Enterobacter cloacae is an opportunistic pathogen. This means that it causes disease after its host has already been weakened, for example, by another infection. According to the CDC, Enterobacter cloacae is responsible for bacteremia, endocarditis, osteomyelitis, septic arthritis as well as infections in the skin, respiratory tract and urinary tract. Many of these infections are nosocomial. That is, they result from hospital treatment.
Enterobacter cloacae is rod-shaped. On average, rod-shaped bacteria, or bacilli, measure 0.5 to 1.0 µm wide by 1.0 to 4.0 µm long. Enterobacter cloacae measures 0.3-0.6 x 0.8-2.0 µm, making it small compared to other bacilli.
Enterobacter cloacae has motility by means of peritrichous flagella. "Peritrichous" indicates that the bacterium has flagella spread across its entire surface, allowing it to move easily in all directions.
Enterobacter cloacae is facultatively anaerobic. Facultatively anaerobic bacteria can grow in the presence of oxygen, but they flourish where oxygen is absent. This characteristic allows Enterobacter cloacae to adapt to different environments.
Enterobacter cloacae is Gram negative, which refers to how it responds to the Gram test. This test was developed by the Danish scientist J.M.C. Gram. Gram would stain a bacterial culture with crystal violet, and if the bacteria held the stain, then they were Gram positive. Gram negative bacteria, like Enterobacter cloacae, will not hold a crystal violet stain because their cell walls contain relatively low amounts of peptidoglycan.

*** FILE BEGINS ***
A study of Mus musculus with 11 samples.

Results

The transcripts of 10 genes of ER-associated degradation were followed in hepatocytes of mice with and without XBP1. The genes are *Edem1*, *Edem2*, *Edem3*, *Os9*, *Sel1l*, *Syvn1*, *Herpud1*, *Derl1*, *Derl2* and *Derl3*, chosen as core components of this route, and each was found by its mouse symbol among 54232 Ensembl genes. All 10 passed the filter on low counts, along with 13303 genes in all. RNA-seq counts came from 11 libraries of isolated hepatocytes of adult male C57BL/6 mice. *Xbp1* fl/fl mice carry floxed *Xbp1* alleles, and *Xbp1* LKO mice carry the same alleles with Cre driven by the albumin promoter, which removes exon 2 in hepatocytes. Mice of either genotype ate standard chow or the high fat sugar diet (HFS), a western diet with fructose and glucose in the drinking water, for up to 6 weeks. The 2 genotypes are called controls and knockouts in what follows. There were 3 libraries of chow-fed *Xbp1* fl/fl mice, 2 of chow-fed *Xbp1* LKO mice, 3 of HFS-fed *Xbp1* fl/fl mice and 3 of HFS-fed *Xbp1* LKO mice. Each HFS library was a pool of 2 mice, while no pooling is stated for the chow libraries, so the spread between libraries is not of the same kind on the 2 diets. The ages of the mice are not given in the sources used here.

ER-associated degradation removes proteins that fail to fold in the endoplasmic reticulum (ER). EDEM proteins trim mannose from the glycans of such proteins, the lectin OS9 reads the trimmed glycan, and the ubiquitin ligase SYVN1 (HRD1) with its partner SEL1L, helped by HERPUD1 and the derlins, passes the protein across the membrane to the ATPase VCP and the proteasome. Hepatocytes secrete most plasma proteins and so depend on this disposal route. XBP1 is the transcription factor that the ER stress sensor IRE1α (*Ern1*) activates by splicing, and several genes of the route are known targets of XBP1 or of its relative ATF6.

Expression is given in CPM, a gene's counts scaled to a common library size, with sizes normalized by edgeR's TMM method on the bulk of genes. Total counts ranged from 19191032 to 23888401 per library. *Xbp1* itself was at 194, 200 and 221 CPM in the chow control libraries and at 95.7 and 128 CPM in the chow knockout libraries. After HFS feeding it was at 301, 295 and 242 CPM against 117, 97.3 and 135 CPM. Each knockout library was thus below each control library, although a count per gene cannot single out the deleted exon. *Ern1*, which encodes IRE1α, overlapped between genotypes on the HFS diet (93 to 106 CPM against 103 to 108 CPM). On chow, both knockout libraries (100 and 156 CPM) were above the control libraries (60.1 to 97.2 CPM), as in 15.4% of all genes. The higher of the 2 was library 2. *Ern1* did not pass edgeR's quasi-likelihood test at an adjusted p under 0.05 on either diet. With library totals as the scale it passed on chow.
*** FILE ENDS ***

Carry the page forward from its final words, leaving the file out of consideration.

Enterobacter cloacae is oxidase negative, as revealed by the oxidase test. The oxidase test determines how bacteria react to oxidase reagent: if the bacteria turn violet within 10 to 30 seconds, then they are oxidase positive. But if they show no violet coloring, or if they color after 30 seconds, then they are oxidase negative, like Enterobacter cloacae.
Enterobacter cloacae is catalase positive, which refers to its reaction to the catalase test. In the catalase test, scientists will expose bacteria to hydrogen peroxide. If bubbles form quickly, then the bacteria are considered catalase positive. If no bubbles form, or if bubbles form slowly, then the bacteria is catalase negative.